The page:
The tricky part about relatively new technologies such as flash storage is that even as prospective users such as health IT managers are learning about and deciding how best to use them, they keep on changing.
In a recent multiple-interview piece, tech writer Carol Sliwa asked a number of storage industry experts what they anticipate in the year ahead for enterprise flash storage, NVMe technologies and emerging persistent memory options.
“In 2018, for the first time, we'll see cost parity with other storage devices, such as SAS, which is one of the interconnects that NVMe will probably be disrupting,” observed Danny Cobb, corporate fellow and vice president of global technology strategy at Dell Technologies. “So, customers will move from waiting for NVMe to become more affordable to starting to deploy it more broadly as a standard part of virtually every storage platform.”
Russ Fellows, meanwhile, senior partner and analyst at Evaluator Group, is a bit more cautious, noting that “most end users are educated about NVMe and the benefits, and they understand that it's something they want in their next-generation systems. . . . But on the front end, vendors are way ahead of the customers, and the technology just isn't proven enough. So, very few people are going to try and implement end-to-end NVMe this year.”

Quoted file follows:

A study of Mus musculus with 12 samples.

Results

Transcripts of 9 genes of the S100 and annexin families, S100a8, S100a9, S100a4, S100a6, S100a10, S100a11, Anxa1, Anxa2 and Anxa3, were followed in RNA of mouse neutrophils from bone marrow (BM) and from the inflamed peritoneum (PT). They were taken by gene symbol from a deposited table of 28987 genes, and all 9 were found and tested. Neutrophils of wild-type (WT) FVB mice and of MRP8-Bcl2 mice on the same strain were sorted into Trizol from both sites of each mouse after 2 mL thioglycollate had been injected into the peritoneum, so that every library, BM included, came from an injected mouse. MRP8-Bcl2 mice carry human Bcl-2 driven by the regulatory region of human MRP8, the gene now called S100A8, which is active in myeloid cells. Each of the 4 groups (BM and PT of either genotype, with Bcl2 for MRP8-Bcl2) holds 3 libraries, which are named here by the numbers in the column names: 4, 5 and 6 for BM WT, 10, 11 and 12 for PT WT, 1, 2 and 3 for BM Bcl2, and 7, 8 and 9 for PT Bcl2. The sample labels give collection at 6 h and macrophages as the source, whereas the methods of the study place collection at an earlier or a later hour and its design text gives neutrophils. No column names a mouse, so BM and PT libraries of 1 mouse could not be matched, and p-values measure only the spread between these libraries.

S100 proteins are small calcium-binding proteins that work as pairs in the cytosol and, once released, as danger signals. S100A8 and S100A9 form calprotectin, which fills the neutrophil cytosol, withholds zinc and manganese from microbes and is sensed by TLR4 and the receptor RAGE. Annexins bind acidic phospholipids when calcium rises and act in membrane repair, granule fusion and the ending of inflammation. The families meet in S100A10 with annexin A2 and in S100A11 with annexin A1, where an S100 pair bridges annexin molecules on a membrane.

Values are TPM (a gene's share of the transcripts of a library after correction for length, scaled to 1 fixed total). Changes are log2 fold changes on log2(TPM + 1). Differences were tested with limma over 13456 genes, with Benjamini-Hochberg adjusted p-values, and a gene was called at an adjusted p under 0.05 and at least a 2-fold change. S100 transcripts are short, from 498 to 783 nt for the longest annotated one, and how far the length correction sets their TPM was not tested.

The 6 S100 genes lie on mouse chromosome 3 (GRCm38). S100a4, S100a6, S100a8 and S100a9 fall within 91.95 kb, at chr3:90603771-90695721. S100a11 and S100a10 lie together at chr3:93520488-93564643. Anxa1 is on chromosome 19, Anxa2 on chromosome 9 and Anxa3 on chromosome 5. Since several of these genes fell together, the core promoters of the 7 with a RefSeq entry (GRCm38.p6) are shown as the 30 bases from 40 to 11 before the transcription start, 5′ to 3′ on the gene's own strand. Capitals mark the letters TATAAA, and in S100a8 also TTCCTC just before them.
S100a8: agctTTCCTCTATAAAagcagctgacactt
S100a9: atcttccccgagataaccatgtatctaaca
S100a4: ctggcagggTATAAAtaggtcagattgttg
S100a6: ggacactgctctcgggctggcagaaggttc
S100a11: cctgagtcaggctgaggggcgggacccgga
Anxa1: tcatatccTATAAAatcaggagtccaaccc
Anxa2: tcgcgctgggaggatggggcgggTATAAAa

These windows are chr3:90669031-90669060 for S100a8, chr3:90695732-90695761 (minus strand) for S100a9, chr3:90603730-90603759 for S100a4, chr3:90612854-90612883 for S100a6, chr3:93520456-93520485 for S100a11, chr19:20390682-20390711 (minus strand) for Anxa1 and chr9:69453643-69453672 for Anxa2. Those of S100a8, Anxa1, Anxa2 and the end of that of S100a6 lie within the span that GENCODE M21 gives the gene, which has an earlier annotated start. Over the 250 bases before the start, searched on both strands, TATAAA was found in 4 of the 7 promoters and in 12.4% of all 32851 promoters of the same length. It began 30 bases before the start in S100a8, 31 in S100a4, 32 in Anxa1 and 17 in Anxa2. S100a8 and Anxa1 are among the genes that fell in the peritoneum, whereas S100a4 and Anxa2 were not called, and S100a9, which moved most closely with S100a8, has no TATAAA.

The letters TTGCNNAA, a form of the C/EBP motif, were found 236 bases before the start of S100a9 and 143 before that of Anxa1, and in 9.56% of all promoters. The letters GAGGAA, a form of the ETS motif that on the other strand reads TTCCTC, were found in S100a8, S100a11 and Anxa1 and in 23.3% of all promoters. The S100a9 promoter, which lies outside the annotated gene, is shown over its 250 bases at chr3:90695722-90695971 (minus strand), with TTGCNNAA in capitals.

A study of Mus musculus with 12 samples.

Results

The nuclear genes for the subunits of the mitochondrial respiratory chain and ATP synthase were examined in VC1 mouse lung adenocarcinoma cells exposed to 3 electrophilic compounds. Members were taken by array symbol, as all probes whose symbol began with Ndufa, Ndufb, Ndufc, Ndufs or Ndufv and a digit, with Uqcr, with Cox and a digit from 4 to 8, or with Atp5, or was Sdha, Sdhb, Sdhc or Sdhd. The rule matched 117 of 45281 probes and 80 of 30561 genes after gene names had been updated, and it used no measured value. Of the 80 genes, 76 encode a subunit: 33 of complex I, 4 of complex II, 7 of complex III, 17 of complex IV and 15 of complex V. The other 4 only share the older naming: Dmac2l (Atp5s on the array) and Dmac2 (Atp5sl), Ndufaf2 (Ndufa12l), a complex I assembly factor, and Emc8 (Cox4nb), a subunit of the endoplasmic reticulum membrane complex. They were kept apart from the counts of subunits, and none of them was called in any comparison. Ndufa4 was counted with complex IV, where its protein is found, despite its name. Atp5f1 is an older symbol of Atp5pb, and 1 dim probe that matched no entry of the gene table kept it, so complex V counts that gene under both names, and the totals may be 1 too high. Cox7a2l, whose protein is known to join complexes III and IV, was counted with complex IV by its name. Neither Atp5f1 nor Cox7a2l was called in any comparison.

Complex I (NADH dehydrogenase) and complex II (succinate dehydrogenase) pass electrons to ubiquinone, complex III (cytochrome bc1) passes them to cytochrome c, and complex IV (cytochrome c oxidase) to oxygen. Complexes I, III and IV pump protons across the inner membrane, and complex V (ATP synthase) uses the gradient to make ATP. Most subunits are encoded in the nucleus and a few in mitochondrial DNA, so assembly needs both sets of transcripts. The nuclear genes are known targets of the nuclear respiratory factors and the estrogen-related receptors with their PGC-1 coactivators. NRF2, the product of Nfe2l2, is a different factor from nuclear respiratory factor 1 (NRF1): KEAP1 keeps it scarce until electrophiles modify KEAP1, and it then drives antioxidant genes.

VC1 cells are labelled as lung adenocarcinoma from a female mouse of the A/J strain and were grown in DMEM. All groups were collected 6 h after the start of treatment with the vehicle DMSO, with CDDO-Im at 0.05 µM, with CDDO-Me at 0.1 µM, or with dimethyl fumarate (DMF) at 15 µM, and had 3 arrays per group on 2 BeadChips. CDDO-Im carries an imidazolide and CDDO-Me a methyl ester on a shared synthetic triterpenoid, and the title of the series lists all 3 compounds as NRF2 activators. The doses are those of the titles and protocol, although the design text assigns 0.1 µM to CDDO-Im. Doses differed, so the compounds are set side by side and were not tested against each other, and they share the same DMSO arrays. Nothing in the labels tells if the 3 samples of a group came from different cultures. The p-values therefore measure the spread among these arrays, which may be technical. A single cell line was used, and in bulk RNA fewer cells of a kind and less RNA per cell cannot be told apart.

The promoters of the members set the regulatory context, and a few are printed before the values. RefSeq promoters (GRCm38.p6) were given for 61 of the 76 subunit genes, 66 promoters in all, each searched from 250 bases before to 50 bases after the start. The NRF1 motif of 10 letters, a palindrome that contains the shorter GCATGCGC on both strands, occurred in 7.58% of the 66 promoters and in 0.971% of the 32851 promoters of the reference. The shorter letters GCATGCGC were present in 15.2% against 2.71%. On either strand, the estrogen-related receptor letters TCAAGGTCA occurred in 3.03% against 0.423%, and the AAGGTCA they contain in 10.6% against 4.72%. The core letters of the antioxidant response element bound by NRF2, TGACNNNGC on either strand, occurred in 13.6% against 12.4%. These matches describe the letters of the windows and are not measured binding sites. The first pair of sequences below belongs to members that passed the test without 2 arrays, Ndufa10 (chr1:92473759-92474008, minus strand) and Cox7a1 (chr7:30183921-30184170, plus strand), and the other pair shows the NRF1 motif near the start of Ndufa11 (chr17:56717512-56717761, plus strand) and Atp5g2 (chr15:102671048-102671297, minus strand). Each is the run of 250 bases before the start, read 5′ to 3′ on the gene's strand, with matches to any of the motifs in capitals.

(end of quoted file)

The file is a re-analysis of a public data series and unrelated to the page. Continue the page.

Interestingly, George Crump, founder and president of Storage Switzerland, observed that “hybrid storage lost its luster last year, as the world went gaga over flash.” But he thinks there will be a resurgence of hybrid primary storage in two areas. “We'll see a hybrid flash phenomenon where we're using a small amount of NVMe, or potentially even some nonvolatile RAM technology caching or tiering, to a high-capacity SAS-based flash tier.
And we'll also see a slight resurgence in the traditional hybrid storage of flash and hard drives as a backup or secondary storage system, where instead of replicating for disaster recovery purposes from a flash box to a flash box, replicate from a flash box to a box with flash and hard drives.”
Looking more broadly across the storage landscape, Milan Shetti, general manager for storage and big data at Hewlett Packard Enterprise, suggest that “during the last 10 years, we have seen massive retooling of data centers, migrating storage arrays from spinning drives to flash storage. We are about to see a similar tectonic shift, as new media and protocols start to emerge. Customers will stand to benefit as the combination of storage class memory and NVMe slowly starts to seep into the data center. 2018 will be a year of early adopters, as the high cost of SCM will be a big hurdle for mass adoption.”